I have just finished reading the articles ‘The Making of an Activist’ and ‘Outing Attitudes in the Workplace’ (Organize, Sept. 2000) and find myself sitting here in tears.
As a gay man I find it appalling that there is not more education surrounding gays and lesbians in CUPE. I had thought up until now that my experiences were just so rare, it wasn’t worth bringing them up, but I see from these articles I’m not alone.
We too have Pride parades here in Alberta and this past year I attended parades in Edmonton and in Calgary. As with Sinda, there was no one I could find in Edmonton to help me carry a CUPE banner in the Pride parade and that saddened me deeply. When I went to Calgary, I was pleasantly surprised by a lone male walking in the parade wearing a CUPE t-shirt and handing out ‘Pride in CUPE’ bracelets.
I still have mine and wear it proudly to all CUPE events, but again I’m saddened that I had never even heard that such a bracelet existed. Had I known I would have passed them out at our parade.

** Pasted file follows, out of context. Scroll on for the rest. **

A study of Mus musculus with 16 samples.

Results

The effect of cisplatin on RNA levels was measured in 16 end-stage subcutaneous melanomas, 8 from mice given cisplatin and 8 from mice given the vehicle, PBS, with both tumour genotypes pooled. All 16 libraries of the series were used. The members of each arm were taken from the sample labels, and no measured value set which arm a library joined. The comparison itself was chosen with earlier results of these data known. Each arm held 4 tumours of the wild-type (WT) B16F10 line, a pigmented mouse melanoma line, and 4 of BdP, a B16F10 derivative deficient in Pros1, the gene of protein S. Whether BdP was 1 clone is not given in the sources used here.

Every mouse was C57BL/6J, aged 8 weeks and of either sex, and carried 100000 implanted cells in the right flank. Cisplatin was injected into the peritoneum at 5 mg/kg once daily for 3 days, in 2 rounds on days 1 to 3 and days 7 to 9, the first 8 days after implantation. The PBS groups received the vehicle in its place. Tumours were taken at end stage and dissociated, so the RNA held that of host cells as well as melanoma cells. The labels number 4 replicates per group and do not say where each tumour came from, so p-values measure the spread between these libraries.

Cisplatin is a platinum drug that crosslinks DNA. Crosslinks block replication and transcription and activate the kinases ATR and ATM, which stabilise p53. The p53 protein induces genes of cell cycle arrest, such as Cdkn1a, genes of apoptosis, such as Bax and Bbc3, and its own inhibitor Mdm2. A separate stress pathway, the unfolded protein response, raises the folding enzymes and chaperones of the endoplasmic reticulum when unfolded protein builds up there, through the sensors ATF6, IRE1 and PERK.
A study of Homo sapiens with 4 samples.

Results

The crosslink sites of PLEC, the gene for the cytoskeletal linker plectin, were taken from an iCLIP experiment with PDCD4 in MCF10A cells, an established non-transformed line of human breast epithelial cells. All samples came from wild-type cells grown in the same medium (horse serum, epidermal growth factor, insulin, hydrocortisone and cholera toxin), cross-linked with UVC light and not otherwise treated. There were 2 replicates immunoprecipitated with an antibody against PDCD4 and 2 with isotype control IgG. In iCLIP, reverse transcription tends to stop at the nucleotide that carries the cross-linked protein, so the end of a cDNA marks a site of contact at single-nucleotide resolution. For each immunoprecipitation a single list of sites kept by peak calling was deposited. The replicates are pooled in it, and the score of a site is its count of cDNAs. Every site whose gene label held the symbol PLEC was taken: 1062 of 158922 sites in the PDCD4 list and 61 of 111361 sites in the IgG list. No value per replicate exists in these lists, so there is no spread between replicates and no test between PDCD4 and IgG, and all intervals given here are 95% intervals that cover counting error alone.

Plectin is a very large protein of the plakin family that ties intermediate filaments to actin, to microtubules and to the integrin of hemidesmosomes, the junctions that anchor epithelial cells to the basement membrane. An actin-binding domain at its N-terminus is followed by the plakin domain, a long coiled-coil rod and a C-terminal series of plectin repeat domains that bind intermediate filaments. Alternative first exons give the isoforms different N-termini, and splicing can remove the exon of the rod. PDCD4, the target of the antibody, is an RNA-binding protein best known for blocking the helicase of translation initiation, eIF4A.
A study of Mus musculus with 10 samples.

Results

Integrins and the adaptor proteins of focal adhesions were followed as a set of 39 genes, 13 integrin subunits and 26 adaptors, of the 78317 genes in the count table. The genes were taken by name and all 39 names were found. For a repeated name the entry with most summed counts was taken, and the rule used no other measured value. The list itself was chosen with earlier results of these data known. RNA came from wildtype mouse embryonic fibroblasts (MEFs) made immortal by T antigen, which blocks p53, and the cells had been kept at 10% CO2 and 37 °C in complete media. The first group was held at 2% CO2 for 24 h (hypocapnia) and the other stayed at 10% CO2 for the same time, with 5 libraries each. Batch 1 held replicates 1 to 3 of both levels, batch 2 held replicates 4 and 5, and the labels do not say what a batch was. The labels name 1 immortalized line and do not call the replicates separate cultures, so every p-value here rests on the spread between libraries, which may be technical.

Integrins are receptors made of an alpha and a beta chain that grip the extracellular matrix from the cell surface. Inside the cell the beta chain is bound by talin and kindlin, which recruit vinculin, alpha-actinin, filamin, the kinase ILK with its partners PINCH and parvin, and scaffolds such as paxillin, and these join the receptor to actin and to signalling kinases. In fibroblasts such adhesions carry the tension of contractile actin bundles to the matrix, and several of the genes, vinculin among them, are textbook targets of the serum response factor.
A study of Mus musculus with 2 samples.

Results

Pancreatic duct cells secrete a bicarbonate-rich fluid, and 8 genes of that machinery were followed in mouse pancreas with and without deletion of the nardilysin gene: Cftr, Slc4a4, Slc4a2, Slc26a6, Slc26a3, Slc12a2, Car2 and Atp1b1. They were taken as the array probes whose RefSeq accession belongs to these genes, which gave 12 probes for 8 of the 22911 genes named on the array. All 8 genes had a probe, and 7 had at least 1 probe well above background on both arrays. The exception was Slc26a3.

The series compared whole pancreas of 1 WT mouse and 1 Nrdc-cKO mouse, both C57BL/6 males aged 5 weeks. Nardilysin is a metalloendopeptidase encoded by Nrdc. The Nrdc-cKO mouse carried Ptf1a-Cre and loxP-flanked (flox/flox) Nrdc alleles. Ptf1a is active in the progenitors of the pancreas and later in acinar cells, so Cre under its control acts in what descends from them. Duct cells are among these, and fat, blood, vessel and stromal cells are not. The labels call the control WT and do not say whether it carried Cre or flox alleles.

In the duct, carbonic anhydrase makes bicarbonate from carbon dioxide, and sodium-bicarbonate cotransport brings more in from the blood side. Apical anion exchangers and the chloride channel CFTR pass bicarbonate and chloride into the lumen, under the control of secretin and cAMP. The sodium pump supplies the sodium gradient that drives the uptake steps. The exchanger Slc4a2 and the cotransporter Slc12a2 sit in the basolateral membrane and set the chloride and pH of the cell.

It makes me wonder how many gay and lesbian CUPE members are out there, alone and wondering if they have brothers or sisters they could turn to for advice, information or help.
It wasn’t until I read these articles that I knew there was a CUPE Pride course available. We can sure use one.
I remember an ‘incident’ at the weeklong school in Red Deer last year. At an after hours get together one of the women invited her lesbian partner to join in the activities. Not long into the evening, there was an incident of name-calling and ‘lesbian bashing’. It so infuriated me that I was tempted to leave. Instead, as I was in the public speaking course, I went home and rewrote my speech aimed at the pain and hurt caused by this ugly incident and others like it. Some of my classmates were shocked – perhaps because of the incident; perhaps because this man they had come to know over the week just came out to them, while giving them some food for thought.
My hat goes off to Sinda and to Garry Judd for the courage and leadership they have shown, albeit in very different ways. It’s people like them that help to give credit to a group of people that is very often overlooked for fear of what you will find if you look.
CUPE needs to be there, in all provinces and in all cities, to offer a helping and supportive hand to our gay and lesbian members. And it’s important that the Pink Triangle Committee take a more active and visible role.